Changing from conventional two-wheelers to 100 per cent electric is "not like Aadhaar, not a software and print cards" and such transition is completely uncalled for, according to TVS Motor Co and Bajaj Auto.
Strongly objecting to government think tank Niti Aayog's proposal to transition to electric vehicles (EVs) for three-wheelers by 2023 and two-wheelers by 2025, the two companies said the policy has not been made with adequate study and diligence.
"This is not like Aadhaar, not a software and print cards. You have to set up a whole supply chain, and migrate from the current supply chain," TVS Motor Co Chairman & Managing Director Venu Srinivasan told PTI.
Last week, Niti Aayog had asked auto industry body Society of Indian Automobile Manufacturers (SIAM) along with conventional two-and three-wheeler makers to suggest within two weeks, concrete steps towards transition to electric mobility keeping in mind the 2025 deadline.
Srinivasan further said,"we have said we will take four months to come with a plan. The plans will start with one city (that has the highest number of two-wheeler population) and that too, to a percentage of one city and migrate over a period of time."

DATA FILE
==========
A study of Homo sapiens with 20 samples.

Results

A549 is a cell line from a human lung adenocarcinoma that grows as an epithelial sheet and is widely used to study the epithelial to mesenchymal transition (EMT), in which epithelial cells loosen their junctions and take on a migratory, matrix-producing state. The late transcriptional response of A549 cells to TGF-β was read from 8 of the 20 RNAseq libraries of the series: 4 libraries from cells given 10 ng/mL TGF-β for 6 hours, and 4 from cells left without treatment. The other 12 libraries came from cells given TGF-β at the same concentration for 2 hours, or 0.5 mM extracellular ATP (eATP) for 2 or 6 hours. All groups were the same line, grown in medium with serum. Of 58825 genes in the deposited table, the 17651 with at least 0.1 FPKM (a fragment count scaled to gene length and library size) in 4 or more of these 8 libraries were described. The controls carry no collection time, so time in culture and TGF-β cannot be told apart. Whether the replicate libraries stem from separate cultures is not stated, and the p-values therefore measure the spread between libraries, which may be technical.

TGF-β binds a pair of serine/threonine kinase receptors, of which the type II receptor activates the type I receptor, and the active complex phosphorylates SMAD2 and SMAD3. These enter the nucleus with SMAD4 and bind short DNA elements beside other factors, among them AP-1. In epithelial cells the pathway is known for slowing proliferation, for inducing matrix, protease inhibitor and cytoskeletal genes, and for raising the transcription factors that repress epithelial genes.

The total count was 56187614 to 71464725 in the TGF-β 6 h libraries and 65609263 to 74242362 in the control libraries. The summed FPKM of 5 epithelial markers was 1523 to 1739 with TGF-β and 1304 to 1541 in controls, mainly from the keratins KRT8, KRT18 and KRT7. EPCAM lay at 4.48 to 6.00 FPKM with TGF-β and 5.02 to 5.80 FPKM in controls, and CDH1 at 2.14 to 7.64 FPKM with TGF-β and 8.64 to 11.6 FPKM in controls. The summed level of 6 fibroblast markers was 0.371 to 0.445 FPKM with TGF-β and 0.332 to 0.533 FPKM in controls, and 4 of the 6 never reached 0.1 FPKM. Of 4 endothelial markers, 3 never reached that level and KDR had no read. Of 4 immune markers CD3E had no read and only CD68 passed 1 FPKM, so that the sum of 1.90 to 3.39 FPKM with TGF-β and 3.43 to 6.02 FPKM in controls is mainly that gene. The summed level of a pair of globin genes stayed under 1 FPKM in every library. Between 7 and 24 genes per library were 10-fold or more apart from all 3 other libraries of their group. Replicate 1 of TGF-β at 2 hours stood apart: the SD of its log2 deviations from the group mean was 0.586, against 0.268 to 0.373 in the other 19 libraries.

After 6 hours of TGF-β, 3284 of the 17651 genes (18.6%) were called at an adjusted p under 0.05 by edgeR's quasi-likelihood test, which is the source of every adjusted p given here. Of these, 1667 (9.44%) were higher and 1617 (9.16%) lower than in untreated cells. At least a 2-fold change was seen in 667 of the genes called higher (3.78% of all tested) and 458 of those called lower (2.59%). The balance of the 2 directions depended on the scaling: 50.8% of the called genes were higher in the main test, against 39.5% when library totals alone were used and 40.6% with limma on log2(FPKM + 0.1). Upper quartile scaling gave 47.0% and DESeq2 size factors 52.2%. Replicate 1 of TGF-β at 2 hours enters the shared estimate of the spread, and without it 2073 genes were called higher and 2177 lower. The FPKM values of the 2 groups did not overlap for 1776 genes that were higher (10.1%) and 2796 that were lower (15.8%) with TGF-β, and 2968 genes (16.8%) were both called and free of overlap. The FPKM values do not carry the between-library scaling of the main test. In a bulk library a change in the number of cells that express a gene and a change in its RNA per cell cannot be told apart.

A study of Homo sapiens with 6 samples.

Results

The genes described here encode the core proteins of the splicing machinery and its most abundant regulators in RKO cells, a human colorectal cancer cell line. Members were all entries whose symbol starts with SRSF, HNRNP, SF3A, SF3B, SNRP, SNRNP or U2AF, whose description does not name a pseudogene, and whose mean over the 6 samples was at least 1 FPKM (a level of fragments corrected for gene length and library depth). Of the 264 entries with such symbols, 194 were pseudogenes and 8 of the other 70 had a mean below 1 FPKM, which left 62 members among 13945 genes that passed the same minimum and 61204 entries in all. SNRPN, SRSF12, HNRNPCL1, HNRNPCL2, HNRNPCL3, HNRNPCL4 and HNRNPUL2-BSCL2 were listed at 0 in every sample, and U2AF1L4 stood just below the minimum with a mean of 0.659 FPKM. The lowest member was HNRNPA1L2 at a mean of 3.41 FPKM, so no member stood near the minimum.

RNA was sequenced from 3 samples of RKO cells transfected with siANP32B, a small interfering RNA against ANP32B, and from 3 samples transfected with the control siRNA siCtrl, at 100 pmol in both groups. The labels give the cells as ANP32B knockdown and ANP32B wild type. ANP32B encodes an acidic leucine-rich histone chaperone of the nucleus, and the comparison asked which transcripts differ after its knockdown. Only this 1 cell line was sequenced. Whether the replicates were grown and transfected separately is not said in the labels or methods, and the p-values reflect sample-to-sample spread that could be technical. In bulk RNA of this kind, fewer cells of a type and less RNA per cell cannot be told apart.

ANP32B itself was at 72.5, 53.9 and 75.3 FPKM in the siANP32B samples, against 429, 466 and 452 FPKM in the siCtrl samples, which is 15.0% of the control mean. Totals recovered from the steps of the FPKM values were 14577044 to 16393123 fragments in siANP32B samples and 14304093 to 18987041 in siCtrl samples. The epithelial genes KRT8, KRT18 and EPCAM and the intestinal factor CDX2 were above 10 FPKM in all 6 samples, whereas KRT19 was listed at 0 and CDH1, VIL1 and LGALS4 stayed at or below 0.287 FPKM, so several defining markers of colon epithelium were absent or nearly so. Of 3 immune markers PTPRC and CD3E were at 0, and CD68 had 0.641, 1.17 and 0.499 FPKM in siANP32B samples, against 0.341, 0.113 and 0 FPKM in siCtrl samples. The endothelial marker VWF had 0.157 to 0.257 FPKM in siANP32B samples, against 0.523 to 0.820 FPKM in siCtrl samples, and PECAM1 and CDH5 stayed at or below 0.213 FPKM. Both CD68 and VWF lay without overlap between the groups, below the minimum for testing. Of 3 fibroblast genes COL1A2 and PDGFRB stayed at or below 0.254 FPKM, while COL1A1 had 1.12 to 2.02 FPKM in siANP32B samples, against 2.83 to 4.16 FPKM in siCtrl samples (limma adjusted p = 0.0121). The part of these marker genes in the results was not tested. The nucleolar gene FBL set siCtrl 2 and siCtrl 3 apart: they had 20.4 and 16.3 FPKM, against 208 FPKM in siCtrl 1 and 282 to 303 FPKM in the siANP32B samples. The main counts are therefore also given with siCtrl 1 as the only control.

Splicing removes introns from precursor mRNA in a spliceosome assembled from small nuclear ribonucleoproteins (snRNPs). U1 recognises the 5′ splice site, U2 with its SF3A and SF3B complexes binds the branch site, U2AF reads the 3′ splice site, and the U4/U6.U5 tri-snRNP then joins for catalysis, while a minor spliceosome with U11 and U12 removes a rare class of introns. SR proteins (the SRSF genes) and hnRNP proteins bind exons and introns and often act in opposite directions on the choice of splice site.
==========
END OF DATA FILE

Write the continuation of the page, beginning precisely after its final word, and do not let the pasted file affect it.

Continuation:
Asserting that a "black or white, zero-one change" is not possible "with 20 million vehicles, USD 15 billion in sales, one million employees", he said and added that "the whole thing is not thought through. I hope saner thoughts will prevail and people will think through the real implications of all this."
When contacted for comments, Bajaj Auto Managing Director Rajiv Bajaj said "we believe 100 per cent transition is completely uncalled for".
Earlier, he had also asserted that the move was impractical and ill-timed, considering the scale involved when stakeholders do not have "any meaningful experience with any of the pieces of the EV puzzle" and that too a date so close to BSVI implementation.
Besides, he had argued that "to target two and three wheelers but not cars etc makes it an incomplete initiative”.
Srinivasan also asserted that "changing to batteries running on thermal power will not reduce one iota of pollution."
Right now, he said,"the two-wheeler contribute to 20 per cent of automotive pollution. Automotive contributes to 20 per cent (of overall) pollution, so we are dealing with 4 per cent pollution".
Srinivasan said Indian automotive industry has attracted huge foreign investments based on stability of policies and "one has to treat with greater care and diligence than what is being proposed".
"We are dealing with the most competitive and the only industry to have really grown to that scale and competitiveness in the engineering industry," he said.